The opening and closing shots serve as bookends – Scorsese is flying around the office with his trademark active camera
A riff of “Alice” or Wizard of Oz (he’s trying to get home for most of the film), or the book of Job from the Bible—a Kafkaesque (certainly Welles version of The Trial comes to mind) journey that is simultaneously about nothing (there’s no plot outside of trying to get A) laid and B) home), but also about the 80’s yuppie, sin, masculinity and sexual repression
Notable for the Michael Ballhaus (another strong collaboration with Scorsese) and Scorsese – famous crane shot of the key floating towards the camera with the jump cuts—a melding of Hitchcock (say from Notorious with the crane shot) and Godardian jump cuts
Scorsese is active- closeups of the phone, it’s not Welles’ The Trial in mise-en-scene with the objects in the frame trapping his protagonist (Griffin Dunne)
Influential to many films including the 2017 film (which I frankly think is superior) Good Time from the Safdie brothers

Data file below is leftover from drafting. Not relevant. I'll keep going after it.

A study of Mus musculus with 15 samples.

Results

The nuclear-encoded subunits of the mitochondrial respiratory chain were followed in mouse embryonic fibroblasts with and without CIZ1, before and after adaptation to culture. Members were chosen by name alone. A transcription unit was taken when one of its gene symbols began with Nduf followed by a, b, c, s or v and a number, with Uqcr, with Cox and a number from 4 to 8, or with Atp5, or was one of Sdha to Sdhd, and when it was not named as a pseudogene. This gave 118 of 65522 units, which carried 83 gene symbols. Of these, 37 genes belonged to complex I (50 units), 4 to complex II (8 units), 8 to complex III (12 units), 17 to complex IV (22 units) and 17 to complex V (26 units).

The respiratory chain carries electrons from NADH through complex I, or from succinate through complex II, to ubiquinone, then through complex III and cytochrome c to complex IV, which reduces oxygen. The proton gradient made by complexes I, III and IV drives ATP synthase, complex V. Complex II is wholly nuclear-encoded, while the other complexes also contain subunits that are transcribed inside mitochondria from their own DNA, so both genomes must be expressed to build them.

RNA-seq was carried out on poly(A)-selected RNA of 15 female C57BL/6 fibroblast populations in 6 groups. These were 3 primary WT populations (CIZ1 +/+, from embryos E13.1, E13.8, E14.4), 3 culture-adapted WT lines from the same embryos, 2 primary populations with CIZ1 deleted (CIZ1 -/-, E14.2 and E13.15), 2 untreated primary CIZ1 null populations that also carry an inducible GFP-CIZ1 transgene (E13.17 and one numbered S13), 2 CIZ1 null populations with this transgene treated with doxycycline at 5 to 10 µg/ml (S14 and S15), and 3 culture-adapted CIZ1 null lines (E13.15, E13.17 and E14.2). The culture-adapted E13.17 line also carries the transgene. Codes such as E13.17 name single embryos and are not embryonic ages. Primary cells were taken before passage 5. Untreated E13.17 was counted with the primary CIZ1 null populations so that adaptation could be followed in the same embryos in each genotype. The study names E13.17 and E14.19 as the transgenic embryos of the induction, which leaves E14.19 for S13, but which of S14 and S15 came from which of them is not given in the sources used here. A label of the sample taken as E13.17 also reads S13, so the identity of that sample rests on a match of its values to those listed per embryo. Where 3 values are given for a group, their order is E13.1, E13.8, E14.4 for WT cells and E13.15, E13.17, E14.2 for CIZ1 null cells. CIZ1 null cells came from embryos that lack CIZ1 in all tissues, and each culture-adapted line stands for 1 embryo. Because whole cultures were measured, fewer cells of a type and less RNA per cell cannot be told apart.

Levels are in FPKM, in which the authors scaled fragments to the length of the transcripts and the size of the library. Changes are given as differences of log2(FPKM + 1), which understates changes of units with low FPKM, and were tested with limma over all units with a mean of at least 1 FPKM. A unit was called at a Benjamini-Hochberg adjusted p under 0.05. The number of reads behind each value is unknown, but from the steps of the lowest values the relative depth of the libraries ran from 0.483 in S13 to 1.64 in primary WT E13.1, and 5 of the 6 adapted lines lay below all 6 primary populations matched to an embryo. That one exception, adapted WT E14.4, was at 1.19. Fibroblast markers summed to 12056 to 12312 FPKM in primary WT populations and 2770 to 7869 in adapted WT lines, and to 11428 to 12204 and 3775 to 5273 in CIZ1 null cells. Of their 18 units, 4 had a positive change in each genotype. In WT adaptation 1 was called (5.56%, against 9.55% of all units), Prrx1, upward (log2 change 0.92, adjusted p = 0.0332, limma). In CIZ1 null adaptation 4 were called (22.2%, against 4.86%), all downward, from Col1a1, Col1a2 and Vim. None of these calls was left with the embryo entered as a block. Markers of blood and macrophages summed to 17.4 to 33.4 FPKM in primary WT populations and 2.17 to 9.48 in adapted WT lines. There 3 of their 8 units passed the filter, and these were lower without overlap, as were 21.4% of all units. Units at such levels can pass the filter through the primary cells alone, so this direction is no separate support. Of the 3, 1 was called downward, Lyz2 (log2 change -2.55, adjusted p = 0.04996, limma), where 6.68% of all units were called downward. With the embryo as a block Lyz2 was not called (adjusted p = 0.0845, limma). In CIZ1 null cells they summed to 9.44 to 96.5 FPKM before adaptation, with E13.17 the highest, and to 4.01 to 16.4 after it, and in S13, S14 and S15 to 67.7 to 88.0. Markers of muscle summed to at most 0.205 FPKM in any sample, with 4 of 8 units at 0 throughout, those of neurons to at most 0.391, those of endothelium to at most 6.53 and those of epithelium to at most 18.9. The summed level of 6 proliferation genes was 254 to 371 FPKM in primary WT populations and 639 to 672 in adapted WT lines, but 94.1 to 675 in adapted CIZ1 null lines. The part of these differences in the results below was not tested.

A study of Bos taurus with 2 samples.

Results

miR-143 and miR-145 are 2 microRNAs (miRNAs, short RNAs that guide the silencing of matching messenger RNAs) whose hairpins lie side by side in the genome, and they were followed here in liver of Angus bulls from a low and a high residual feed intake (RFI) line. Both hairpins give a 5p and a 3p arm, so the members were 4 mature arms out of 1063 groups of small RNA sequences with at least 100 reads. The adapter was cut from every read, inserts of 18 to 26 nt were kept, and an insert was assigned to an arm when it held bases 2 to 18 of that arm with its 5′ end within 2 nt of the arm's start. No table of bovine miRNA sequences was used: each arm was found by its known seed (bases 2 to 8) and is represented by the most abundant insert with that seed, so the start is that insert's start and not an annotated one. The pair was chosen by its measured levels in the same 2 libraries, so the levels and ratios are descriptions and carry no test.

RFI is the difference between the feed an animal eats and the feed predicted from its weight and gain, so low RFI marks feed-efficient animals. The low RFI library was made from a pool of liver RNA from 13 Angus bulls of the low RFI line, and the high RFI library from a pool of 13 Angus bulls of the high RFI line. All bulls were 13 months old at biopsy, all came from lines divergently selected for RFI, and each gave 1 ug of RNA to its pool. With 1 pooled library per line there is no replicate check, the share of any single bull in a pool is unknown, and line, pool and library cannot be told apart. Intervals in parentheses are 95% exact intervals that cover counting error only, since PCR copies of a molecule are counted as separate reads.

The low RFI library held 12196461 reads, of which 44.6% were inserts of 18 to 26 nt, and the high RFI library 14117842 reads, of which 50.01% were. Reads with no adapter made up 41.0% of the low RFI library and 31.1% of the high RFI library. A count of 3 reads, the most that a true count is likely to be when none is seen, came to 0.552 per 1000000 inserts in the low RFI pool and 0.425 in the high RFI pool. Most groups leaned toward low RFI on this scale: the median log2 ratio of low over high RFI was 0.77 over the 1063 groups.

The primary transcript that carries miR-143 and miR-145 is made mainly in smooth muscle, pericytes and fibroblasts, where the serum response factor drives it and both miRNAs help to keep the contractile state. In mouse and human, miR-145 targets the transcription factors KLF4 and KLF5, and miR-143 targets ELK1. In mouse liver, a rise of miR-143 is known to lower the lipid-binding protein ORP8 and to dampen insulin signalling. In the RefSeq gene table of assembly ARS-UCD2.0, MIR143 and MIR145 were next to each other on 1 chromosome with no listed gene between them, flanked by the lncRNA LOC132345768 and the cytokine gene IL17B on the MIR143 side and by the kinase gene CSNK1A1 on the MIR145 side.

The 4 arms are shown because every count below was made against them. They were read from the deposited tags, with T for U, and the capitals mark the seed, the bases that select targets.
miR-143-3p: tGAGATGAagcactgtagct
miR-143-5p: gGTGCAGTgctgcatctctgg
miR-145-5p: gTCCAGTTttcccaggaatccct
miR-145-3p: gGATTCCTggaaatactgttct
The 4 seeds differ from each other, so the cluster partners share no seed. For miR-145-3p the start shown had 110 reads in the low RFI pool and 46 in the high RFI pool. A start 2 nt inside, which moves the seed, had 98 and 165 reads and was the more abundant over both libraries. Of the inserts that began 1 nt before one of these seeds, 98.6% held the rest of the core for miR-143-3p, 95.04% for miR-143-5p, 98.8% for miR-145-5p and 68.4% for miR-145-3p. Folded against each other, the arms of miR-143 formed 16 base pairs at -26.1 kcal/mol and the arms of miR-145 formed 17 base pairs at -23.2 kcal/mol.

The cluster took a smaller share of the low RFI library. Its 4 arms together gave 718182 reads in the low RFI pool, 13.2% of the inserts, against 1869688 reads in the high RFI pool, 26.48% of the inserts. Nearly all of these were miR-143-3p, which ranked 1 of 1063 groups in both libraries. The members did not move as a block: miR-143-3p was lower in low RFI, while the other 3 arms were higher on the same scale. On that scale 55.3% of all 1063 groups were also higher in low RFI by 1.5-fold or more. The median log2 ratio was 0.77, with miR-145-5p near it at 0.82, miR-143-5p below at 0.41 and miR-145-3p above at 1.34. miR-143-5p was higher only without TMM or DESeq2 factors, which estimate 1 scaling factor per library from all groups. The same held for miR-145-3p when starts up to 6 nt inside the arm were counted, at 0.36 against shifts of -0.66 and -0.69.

incredibly rich subtext
Rosanna Arquette is intoxicating (I mean she inspired multiple rock songs in her honor for a reason)
I just watched it for the first time, reminding me of Viridiana and The Discreet Charm of the Bourgeoisie.
Sorry, don’t why I typed Viridiana. I wanted to say the Exterminating Angel.
@Chiu- thanks for the comment. Interesting- sort of pairing the 1980s Yuppie with Bunuel’s bourgeoisie
Haha, I was thinking of the story. There is always somthing blocking the man from going home, similar to the people stuck in the room for inexplicable reason and the dinner repeatedly being interrupted in the Bunuel films.